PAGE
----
Tuesday, July 16, 2013


Montgomery County planners are painting an increasingly ugly picture of what Bethesda's Purple Line light rail station will look like if the Apex Building isn't torn down.

In a pointed memorandum clearly meant to sway public opinion, planners suggest that the Woodmont Plaza open space at Bethesda Row will be riven by 100' railroad tracks, required for maintenance purposes. And that the station's mandatory ventilation smokestack on the same plaza will now significantly exceed the 92' height described months ago.

They also say that the Apex's support pillars will restrict passenger movement on the station platform, and that the platform's curve will cause gaps between it and the trains.

The memorandum lays out a so-called Minor Master Plan Amendment process, a controversial amending of the outdated Bethesda master plan, without the full public process the latter entails.

This proposal will be formally presented at a Planning Board hearing July 22.

The final staff amendment draft will be given to the board on September 16, 2013.

On November 7, 2013, the board would hold a public hearing on it, and address that input in a work session on November 21.

A final vote on the amendment would be held on December 5, and it would go to the County Council the next day.

The council has reduced the study area for the amendment east of Wisconsin Avenue. In contrast to the map shown previously, that would have torn a path of destruction across the Central Business District, the study is now confined to Elm Street and Elm Street Park east of 355.

Planners say that they will also begin an early revision of the Bethesda CBD sector plan simultaneously. This is unusual, as particular developers want nearly every sector plan moved up on the schedule. How this is possible is not explained in the memo.

One other advantage of demolishing the Apex is that the Elm Street south entrance to the Metro could be incorporated into whatever building would replace the Apex. So would the smokestack. And the railroad tracks would extend only 30' into Woodmont Plaza (gee, thanks!).

Let's cut to the chase:

All of the limitations of the station under the Apex were well known over 20 years ago.

What changed?

The size and scope of the Purple Line.

Once meant to be a MARC-style diesel train running from Silver Spring to Georgetown, and - by 1990 - a Bethesda to Silver Spring trolley, in both cases, the Purple Line was a single track system.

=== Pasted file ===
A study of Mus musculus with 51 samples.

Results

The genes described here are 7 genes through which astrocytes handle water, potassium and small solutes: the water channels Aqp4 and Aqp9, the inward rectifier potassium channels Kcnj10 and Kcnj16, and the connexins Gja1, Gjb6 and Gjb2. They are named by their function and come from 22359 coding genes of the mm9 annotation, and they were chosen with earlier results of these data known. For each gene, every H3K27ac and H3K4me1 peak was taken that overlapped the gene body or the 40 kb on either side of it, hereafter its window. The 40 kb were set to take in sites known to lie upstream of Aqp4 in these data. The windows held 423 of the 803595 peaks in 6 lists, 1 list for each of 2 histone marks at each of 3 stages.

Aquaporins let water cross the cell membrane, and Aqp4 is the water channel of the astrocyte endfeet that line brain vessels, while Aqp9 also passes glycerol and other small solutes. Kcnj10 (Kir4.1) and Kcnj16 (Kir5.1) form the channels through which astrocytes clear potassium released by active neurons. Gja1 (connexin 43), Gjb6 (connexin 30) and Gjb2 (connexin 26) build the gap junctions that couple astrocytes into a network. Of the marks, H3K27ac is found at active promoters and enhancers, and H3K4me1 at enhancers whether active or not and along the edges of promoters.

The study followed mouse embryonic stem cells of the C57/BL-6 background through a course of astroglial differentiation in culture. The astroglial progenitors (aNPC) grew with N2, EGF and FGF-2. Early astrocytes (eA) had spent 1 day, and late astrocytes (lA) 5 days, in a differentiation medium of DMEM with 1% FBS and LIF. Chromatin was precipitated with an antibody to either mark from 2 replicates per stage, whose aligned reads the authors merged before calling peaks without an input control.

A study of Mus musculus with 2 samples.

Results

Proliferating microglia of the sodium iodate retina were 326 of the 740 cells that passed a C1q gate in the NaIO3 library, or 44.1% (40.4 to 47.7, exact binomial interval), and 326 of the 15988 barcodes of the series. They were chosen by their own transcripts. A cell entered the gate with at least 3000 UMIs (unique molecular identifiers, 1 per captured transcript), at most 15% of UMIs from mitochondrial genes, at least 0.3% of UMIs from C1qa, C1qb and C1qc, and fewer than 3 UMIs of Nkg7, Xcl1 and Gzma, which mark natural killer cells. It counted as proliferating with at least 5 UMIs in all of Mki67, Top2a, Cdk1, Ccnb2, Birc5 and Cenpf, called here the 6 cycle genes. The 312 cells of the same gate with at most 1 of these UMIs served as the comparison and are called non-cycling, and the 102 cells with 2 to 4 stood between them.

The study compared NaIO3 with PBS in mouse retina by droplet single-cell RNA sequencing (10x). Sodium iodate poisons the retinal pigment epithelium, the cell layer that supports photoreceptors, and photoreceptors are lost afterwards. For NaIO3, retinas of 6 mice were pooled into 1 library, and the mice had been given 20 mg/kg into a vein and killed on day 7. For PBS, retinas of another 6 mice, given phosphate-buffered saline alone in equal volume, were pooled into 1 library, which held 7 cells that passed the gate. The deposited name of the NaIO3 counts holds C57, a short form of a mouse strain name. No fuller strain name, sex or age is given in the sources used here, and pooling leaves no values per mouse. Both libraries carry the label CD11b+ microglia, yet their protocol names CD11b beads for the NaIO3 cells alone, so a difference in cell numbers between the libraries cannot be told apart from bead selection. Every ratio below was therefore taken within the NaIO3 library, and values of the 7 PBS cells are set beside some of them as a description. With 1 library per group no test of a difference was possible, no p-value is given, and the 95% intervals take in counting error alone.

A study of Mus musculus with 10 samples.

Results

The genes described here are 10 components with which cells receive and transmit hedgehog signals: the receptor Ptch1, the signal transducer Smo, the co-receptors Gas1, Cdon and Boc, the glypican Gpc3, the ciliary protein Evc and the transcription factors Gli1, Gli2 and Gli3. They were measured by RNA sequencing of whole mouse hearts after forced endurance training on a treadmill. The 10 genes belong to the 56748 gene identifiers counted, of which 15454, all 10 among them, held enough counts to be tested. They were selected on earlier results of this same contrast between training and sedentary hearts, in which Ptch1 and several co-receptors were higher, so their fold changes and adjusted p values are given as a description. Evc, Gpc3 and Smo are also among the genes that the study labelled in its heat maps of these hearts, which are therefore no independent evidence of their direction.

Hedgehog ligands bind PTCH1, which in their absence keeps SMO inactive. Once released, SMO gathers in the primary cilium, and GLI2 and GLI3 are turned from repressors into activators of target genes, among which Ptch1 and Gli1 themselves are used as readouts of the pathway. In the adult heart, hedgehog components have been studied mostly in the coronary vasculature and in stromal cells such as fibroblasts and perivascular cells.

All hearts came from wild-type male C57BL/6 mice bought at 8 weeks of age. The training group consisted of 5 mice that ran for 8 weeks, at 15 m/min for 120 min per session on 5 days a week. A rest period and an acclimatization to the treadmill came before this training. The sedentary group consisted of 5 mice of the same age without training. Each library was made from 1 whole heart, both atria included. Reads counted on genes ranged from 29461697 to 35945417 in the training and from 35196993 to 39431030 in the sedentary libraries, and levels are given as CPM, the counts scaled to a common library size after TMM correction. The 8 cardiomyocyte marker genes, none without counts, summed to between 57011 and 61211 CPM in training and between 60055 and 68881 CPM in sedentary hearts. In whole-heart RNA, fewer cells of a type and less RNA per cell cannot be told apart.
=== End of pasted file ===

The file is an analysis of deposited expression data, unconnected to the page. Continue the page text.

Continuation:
In recent years, the Purple Line exploded into a two-track system with a rebuilt Capital Crescent Trail and grass median. And will now run on streets all the way to New Carrollton.

So, of course you have a problem fitting a massive right-of-way under a building you designed for a different, single track project.

But that's not local residents' fault.

What we have now is essentially an indirect double-blackmail going on:

"Citizens, you go along with this plan and rushed process or you'll get a very ugly result."

And for the owners/developers/investors who will gain from redevelopment of the Apex Building, an attempt to get maximum profit and government incentives out of Montgomery County (and potentially, taxpayers' wallets) before agreeing to any plan.

Can you blame them?

Neither the board nor the council has been upfront with the public about just who is behind the Apex redevelopment scheme. The ownership denies wanting to redevelop, yet demolition could not proceed without their acquiescence.

We need to hear a lot more about the details on every aspect of this before rushing to judgment under manufactured pressure. And an amendment like this sets a dangerous precedent for future abuse by politicians and planners who seem desperate to give away the store to developers at every turn.


Anonymous said...

It's pretty clear who who was behind the original Minor Master Plan proposal, a developer on the east side of Wisconsin Ave:


Those properties were cut out of the Minor Master Plan area by the Council. This is as much about convincing the owners of the Apex Building to redevelop as it is to convince residents that it's a good idea. Also, it's pretty evident that building a better Purple Line station is a good idea. County and MTA people also say it will be cheaper.

Robert Dyer said...

For the planning department to give December 31 as a deadline for written agreement to redevelop the Apex, and December 31, 2015 as deadline for demolition, clearly they must have at least one developer on the line.

With public money involved, everyone needs to put all the cards on the table here - what's the plan, who will profit, and what is fair value?

We know the Apex ownership is behind Door #1. Who is behind Door #2 and #3? The public has a right to know. And is this particular process, even if it holds merit, worth setting a bad planning precedent for future abuse?

Anonymous said...

Follow the money...

Anonymous said...

The Apex building is an outdated, crappy building set back with a terrible TERRIBLE movie theater. Get rid of it, add better parking and street-level retail...the public wins. But the real issue...I don't want the purple line. It will lead to more crime, more people (transients).... I pay a LOT to live in bethesda, and its like a bus brininging in people to a casino in AC for 3 hours of slots.